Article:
ATV group would like to ride on Snohomish city roads
SNOHOMISH — An ATV group is asking the city to let people ride on the streets. Doing so would match neighboring cities in Sultan, Monroe and Lake Stevens, the group says.
The Northwest Quad Association of Puget Sound, a nonprofit group for riders, requested the city open up to wheeled all-terrain vehicles (WATVs), and multiple riders spoke at last week’s City Council meeting.
The city’s engineer is working on the issue, city administrator Steve Schuller said. There is no scheduled council vote at this time.
Creating a street ATV route between Monroe and Snohomish is among the group’s goals, quad association president John Graham said.
The county authorized letting riders use Old Owen Road to get from Monroe to Sultan last year.
“We’ve got Sultan, Monroe and Lake Stevens. If we have Snohomish, it will be easier to push the county” for more routes, Austin Finch from Snohomish said.
“We just want to enjoy our toys and drive them legally” in the city, Finch said.
Monroe began allowing ATVs on city streets last year. Sultan has allowed ATVs since 2013 on streets with a 35 mph speed limit, including on U.S. 2 on the section of road where it dips to 35 mph.
Snohomish County allows ATVs on roads in certain areas of unincorporated county.
State law requires WATVs to have seatbelts, mirrors, turn signals, lights, license plates and horns to be used on public roads.
The vehicles also must be “titled, licensed, insured, safety inspected and meet strict street legal requirements,” Jason Wagner of Clearview wrote to city officials in an email.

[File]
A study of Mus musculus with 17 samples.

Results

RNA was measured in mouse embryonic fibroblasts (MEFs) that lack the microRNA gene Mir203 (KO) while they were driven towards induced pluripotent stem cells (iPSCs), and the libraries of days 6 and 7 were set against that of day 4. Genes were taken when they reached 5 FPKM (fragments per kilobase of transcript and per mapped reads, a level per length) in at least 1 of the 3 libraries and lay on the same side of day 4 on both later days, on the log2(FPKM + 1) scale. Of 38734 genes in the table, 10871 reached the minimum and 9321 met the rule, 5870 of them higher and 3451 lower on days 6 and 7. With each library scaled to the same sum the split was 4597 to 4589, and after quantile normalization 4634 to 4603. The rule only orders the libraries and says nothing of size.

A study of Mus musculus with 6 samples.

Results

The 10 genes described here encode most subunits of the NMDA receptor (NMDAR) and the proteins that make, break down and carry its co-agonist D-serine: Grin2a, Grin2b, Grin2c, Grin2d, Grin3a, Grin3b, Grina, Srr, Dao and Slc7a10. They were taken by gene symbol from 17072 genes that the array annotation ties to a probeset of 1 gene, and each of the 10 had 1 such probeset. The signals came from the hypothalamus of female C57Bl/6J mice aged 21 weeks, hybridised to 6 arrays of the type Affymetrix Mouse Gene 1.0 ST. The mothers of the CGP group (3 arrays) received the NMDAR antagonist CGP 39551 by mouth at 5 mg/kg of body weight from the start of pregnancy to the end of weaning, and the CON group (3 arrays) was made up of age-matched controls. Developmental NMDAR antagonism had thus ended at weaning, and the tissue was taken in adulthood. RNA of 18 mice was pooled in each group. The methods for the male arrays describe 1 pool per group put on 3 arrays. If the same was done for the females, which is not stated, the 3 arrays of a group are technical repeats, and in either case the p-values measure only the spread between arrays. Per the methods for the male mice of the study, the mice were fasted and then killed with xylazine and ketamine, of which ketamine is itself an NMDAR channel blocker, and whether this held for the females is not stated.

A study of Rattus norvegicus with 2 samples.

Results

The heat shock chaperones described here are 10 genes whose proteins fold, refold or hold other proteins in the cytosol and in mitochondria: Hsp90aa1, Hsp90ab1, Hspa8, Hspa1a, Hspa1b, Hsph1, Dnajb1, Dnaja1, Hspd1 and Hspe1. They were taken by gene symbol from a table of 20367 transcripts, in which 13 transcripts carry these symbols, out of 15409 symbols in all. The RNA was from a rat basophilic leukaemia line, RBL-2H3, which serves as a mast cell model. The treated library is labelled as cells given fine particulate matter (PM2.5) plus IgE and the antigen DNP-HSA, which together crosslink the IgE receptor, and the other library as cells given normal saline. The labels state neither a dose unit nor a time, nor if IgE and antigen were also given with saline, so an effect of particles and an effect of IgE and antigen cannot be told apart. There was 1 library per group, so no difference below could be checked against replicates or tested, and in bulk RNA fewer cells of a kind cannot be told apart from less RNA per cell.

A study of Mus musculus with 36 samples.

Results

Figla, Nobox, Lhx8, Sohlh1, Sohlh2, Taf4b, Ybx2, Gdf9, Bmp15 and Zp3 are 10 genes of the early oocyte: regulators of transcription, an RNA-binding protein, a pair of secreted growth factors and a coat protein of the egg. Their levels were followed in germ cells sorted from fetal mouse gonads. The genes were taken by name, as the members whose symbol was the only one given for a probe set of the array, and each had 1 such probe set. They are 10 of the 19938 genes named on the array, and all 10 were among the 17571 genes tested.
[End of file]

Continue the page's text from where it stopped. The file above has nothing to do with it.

A number of more rural counties in Eastern Washington and in the Olympia Peninsula have approved ATV use on county roads limited to 35 mph or less, according to a website tracking local ATV laws run by Paul Sterley of Snohomish.
Snohomish resident Rick Pratt of Snohomish told council members at the meeting it’s remarkable he can ride his dirt bike on city streets but not his ATV.
ATV sales are growing year-by-year, said a salesman for Adventure Motorsports of Monroe, noting they’re popular in this region. At the lowest end, used ATVs sell at dealers in the neighborhood of $2,000 to $3,000.
Larger ATV vehicles called utility task vehicles (UTVs) or side-by-sides have roll cages, can seat four and look like a buggy. They typically sell at higher prices.
Wagner noted in an email to city officials that ATVs are required to have more safety features than bicycles. The vehicles also sip gas compared to cars, and can be used for in-town errands, he wrote.
Original Pilot House Coffee shop on Monroe’s Main Street, for one, uses an ATV for a local coffee delivery service.